I’m fascinated with what happens to people as they age. Recently I read that women who experience dramatic hot flashes for a prolonged period are more prone to dementia and heart disease. Ugh! Have I mentioned I’ve been suffering from hot flashes for the last fifteen years and there is no sign of this particular nuisance diminishing?
However, that isn’t what this blog is about. Although the topic is somewhat related. Now, y’all know me…I’ll get there. I seem to enjoy going the long way to connect the dots! There is a common myth that as one gets older, they become more childish. I say myth because the research suggests it doesn’t happen to everyone, but rather to those suffering from dementia or Alzheimer’s.
I shouldn’t joke about either of those afflictions. They are serious and debilitating. There is, however, a fine line between what happens to all of us as we get older and the more pronounced side effects of those diseases. I do believe that to some degree, many of us take on more childish tendencies, or perhaps we just don’t care anymore how people perceive us.
I can’t blame my childishness on the advancement of years. In all honesty, I’ve exhibited adolescent behavior non-stop since adolescence. I’d like to think that it is simply me keeping myself youthful, but others might not agree. So, what’s the evidence you ask?
I laugh at movies that are typically designed for 13-year old boys: The Hangover, Ace Ventura, Pet Detective, etc. Fart jokes are funny to me. I’ll admit that. Crude sexual humor will sometimes elicit a chuckle when innuendos are present. And, I’ll offer my own sexual innuendoes. I titter (te he he yes I chose that word purposely) when my books hit 69 on the top 100 and feel the need to always post when that happens. However let me be clear, I do draw the line at any joke that would advance rape culture or oppression of women. Those are not funny to me. Neither is name-calling. That type of childishness is not okay.
My childishness is not limited to enjoying the kind of movies that adolescent boys seek out. I admit to reading all of the Twilight series and liking it. They are definitely favorites of adolescent girls. Don’t judge. They were, in my opinion, a breath of fresh air regarding the depiction of vampires. I mean, come on, who wouldn’t dig a sparkly vampire? Fortunately, I get to live smack dab in the middle of Twilight territory. I’m going to admit to being somewhat influenced by Twilight when I wrote my debut novel, Love Forever, Live Forever, because I wanted my vampires to be able to walk in the daylight. They weren’t sparkly, but their ability to walk in the daylight came with a small price. A dilemma, so to speak. You’ll have to read the book to figure that one out.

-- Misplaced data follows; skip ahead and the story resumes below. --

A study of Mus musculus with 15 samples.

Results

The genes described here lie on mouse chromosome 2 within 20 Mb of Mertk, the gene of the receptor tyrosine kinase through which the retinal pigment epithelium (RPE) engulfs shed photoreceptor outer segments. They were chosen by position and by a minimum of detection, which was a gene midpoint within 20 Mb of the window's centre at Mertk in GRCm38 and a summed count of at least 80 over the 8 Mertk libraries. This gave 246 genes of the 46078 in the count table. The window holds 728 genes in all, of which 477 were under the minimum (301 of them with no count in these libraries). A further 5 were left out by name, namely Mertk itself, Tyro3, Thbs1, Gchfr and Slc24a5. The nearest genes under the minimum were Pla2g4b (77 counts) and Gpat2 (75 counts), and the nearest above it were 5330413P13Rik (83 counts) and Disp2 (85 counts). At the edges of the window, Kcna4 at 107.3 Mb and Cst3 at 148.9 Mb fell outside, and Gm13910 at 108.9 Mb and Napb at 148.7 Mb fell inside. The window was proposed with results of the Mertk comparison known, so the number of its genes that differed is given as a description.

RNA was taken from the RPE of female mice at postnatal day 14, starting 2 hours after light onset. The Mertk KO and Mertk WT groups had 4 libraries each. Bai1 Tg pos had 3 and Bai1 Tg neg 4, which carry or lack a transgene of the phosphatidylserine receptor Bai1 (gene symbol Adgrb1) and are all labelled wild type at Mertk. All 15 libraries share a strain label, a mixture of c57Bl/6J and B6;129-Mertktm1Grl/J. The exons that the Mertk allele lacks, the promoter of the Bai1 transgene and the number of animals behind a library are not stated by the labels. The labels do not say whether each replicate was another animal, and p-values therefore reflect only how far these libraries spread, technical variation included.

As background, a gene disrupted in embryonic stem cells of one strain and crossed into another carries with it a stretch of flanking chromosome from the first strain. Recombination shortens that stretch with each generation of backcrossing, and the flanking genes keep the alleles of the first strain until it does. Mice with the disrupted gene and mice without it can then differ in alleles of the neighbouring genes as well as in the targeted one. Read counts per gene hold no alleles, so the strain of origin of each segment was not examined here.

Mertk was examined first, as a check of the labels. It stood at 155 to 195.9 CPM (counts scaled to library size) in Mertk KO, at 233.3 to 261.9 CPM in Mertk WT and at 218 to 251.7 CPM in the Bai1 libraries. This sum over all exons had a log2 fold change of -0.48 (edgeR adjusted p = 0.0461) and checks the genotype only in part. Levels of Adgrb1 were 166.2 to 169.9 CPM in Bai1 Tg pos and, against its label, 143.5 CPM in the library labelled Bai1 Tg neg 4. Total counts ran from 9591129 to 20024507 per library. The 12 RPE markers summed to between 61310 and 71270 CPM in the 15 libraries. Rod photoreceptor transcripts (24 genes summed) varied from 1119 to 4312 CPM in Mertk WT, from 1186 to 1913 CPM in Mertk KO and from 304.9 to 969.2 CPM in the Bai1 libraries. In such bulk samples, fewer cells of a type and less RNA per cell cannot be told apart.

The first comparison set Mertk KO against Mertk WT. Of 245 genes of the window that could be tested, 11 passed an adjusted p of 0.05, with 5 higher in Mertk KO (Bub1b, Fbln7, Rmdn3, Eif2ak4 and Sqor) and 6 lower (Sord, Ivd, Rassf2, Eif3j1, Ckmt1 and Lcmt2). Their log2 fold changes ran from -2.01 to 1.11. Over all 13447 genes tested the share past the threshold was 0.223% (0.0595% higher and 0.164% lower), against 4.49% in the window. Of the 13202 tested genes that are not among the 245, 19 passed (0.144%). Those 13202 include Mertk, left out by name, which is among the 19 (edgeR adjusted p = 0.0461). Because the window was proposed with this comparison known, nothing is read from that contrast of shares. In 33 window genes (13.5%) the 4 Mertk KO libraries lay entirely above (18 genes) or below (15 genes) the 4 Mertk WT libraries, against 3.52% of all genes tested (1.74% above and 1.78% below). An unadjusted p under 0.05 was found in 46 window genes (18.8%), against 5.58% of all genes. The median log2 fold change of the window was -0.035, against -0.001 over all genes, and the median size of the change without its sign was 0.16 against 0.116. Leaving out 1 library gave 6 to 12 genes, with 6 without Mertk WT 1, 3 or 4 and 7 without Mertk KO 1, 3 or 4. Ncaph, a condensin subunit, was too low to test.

Despite not necessarily being thrilled about this because I have other issues with my father; I am my father’s daughter. He often talks about being a grown-up Peter Pan. He never wants to act his age and he doesn’t. To get a rise out of my mother, he had a sign made that stated: “The family that farts together, stays together.” My mother hated the word, fart. She viewed it as the crudest word possible, worse than fuck if you can believe that. I never knew why.
Personally, I believe there are many advantages to childlike behavior or reverting to our childhood. Let me name a few:
- Children see the joy in everything.
- Small children get to take naps in the middle of the day.
- Small children haven’t learned to hate yet.
- Children can still be awed.
- Children have more curiosity and enhanced creativity.
When adults are asked about brainstorming the number of ways a person can reach the top of a tree, they come up with maybe five to ten ways, while children can think of fifty or more. For this reason, I believe as writers we should develop that inner child and not let it wither and die on the vine. The more childlike behaviors we can adopt, the more creative our stories become.
I think some of this playfulness and maybe regressiveness comes out in my characters. They will taunt one another like adolescents. Some readers find that funny, others don’t appreciate sophomoric humor as much as I do. Enough readers have enjoyed that brand of humor to allow me to write what I want and include that playful side. Not all my books have those kinds of characters and yet I think I enjoy those characters the most, especially as they complement a character who is more stoic or serious. That is not to say, I don’t also write about serious issues, but in my opinion, humor always has a place, lest we take ourselves too seriously. There is a big difference between childishness and foolishness.
I’ve been told I’m very creative in the development of my stories. Do you think they’re saying I’m immature? I credit my childishness. If you want to check my creativity out for yourself…click any of the links below.